Spark: A Space Tail review - a disaster of cosmic proportions

The animation is ugly and basic, the plot is lazy, and the voice talents of Jessica Biel, Patrick Stewart and others are completely wasted

Monkey, nuts: Spark (voiced by Jace Norman) In Spark: A Space Tail

Film Title: Spark: A Space Tail

Director: Aaron Woodley

Starring: Jace Norman, Jessica Biel, Susan Sarandon, Patrick Stewart, Hilary Swank

Genre: Animation

Running Time: 91 min

Tue, May 23, 2017, 17:39

   

Crappy internationally co-produced animation, ahoy. Thirteen years ago – just long enough to produce a bratty teen protagonist called Spark – the evil General Zhong overthrew his presumably nicer brother to seize the throne of the planet Bana, using a doo-dah thingy known as a “slick”. These space-time continuum busting slicks are defecated - yep - out by an intergalactic marauder known as a space kraken. So far, so Scientology, right? The B52s are coming! If only.

Some more backstory (backstory that seems to exist solely to justify unsophisticated geometrical pixels passing across the screen) follows before we catch up with Spark (Henry Danger’s Jace Norman) who now lives on a garbage dump, with a large tech-whiz warthog, and a Lara Croftian fox (Jessica Biel) called Vix, whose construction is so basic and triangular, I took it as a cue to recite Pythagorean theorems. Oh, and because she’s a fox, she’s a fox, get it? Spark, meanwhile, is a monkey. Because A Space Tail. Get it? You better: that’s the best joke in the movie.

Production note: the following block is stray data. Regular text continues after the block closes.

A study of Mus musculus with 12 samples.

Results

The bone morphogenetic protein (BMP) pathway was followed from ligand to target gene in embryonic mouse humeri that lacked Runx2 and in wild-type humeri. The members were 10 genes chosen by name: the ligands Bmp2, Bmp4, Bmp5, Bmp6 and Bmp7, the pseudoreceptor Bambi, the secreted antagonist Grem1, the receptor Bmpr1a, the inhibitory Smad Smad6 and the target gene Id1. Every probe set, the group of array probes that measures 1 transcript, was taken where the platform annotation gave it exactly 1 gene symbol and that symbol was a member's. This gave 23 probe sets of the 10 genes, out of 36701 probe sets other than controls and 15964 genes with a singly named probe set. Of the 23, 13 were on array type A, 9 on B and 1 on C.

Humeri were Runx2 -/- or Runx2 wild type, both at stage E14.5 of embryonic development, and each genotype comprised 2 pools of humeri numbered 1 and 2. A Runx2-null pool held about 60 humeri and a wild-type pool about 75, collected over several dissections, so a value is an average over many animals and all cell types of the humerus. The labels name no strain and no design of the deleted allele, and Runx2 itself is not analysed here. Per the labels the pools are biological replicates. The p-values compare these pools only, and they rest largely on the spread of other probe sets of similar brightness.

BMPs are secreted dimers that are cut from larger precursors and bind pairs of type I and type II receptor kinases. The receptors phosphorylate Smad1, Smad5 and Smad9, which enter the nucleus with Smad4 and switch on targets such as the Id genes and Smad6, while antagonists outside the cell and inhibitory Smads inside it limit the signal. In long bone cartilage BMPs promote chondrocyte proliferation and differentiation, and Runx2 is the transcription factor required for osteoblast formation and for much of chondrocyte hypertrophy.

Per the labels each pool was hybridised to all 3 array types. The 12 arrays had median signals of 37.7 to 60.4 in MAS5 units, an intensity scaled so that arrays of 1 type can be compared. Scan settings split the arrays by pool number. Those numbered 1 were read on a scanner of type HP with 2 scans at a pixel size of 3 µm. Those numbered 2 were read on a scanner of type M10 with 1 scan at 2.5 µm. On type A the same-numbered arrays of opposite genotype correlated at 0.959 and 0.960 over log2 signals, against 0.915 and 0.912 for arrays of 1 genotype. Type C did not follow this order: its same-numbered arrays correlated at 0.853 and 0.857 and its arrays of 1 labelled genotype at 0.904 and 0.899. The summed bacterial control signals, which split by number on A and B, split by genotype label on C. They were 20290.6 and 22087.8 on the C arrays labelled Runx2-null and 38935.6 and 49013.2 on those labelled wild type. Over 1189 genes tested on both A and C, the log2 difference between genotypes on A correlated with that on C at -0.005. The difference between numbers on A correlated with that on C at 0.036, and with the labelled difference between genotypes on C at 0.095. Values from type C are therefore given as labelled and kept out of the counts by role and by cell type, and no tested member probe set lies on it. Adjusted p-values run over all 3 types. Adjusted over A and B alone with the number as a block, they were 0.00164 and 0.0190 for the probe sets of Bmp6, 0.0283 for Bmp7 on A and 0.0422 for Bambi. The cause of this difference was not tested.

Vix plays sensei to Spark, who responds by growing impatient and storming off on his hover-cycle.

She’s right to be concerned with his ass-kicking education. Because it turns out there’s a kraken finder and some other stuff and a Scottish army captain voiced by Patrick Stewart (why?). Not to mention the warring insectizoid things and a long-lost mum played by two-time Oscar winner Hilary Swank. (Again, why?)

The animation is exceptionally ugly and basic. The lighting is dark enough to recall such early CG missteps as Chicken Little. The dimensions and planes are Nyan Cat run over by a car. Many things look like other better things: one spaceship is a bit Laputa at a squint, those monkeys are the winged messengers from The Wizard of Oz, the intergalactic battles look like Pong, and the plot – once it stops introducing random things – is Star Wars: A New Hope.

And it still fails to congeal into a movie shape.